Results and their role in the magical process

Posted on January 17, 2011
Filed Under book review, Magic | Leave a Comment

We always get results. We don’t always get the results we want. In magic, we are told not to lust for results, but conversely we look to results to prove that magic is effective, and that our magical process works. The reason we are told not to lust for results is because if we do, the obsession we put toward that desired result removes the obtainment of it from us. And I think there’s some truth to that reason. I’ve known people who’ve become obsessive and let that obsession consume them, which has stopped them from recognizing opportunities that were coming their way.

At the same time, you need to know what result you want to achieve in order to create a magical process that will (ideally) get you that result. It is also helpful to be as specific as possible in defining and describing the result. A vague description of a desired result isn’t very helpful or useful. For example, if your result is: “I want a job”, that’s fairly vague. On the other hand if you state: “I want a teaching position, where I make at least 60,000 a year and have opportunities to advance in my school district.”, then you have a more specific result that you are aiming for.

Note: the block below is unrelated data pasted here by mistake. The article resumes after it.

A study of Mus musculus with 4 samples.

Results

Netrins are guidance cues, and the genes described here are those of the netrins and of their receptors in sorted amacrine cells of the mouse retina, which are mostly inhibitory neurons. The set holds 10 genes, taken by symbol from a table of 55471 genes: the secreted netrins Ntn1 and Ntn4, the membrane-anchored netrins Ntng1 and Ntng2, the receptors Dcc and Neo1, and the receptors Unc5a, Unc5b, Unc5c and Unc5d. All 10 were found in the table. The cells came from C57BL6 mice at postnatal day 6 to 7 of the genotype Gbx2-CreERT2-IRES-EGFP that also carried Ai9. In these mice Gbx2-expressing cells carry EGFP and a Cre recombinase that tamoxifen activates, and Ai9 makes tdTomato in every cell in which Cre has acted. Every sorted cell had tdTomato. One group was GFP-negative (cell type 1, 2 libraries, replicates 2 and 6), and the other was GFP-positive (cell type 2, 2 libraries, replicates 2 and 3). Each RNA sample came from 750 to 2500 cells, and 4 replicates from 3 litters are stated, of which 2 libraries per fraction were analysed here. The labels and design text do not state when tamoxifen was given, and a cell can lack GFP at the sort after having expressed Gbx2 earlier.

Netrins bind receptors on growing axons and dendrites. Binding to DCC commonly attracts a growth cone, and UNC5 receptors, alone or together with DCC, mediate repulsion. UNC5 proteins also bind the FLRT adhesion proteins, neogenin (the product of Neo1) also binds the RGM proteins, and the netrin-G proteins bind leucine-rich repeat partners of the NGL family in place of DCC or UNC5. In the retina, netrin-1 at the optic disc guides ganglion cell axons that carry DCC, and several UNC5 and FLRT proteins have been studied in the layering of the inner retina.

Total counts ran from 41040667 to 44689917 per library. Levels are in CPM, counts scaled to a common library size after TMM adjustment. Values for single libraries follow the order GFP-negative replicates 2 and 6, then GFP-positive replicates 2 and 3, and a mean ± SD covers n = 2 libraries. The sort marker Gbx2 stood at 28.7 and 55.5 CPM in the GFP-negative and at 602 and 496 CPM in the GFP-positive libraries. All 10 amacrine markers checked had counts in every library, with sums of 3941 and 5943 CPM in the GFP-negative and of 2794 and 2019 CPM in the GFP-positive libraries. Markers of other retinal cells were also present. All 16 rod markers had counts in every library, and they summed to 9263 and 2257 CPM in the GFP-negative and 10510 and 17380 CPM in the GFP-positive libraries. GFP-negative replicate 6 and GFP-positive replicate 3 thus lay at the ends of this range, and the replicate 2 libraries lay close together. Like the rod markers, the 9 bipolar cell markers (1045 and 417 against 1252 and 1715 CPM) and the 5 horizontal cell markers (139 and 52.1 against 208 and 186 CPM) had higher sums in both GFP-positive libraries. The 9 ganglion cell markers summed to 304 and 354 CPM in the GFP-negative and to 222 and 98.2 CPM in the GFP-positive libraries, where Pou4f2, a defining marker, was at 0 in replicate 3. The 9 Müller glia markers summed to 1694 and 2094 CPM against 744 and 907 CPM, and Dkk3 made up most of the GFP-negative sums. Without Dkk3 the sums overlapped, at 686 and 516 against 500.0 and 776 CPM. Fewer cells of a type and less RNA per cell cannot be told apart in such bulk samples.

Developing a specific result allows you to develop a specific magical process to help you achieve that result. Here are some questions to keep in mind as you define your result:

1. What is the result I want?

2. What are additional details I can include to make the result more specific? Additional details should include anything that you would consider important or helpful.

3. Why do I want this result? How will it benefit my life to achieve this result?

4. Is there any part of this desired result that I don’t agree with or feel resistant toward? If there is part of me that feels resistant to it, why do I feel that way?

5. How will I feel once the result is achieved? What will I do with the result?

All of these questions can help you not only develop a specific result, but also determine if it’s a result that you can achieve. If you discover that there is resistance toward the result, it’s a good idea to spend some time looking at the reasons for that resistance, to determine if the result is something you really want.

Would you include any other questions? If so what would you include?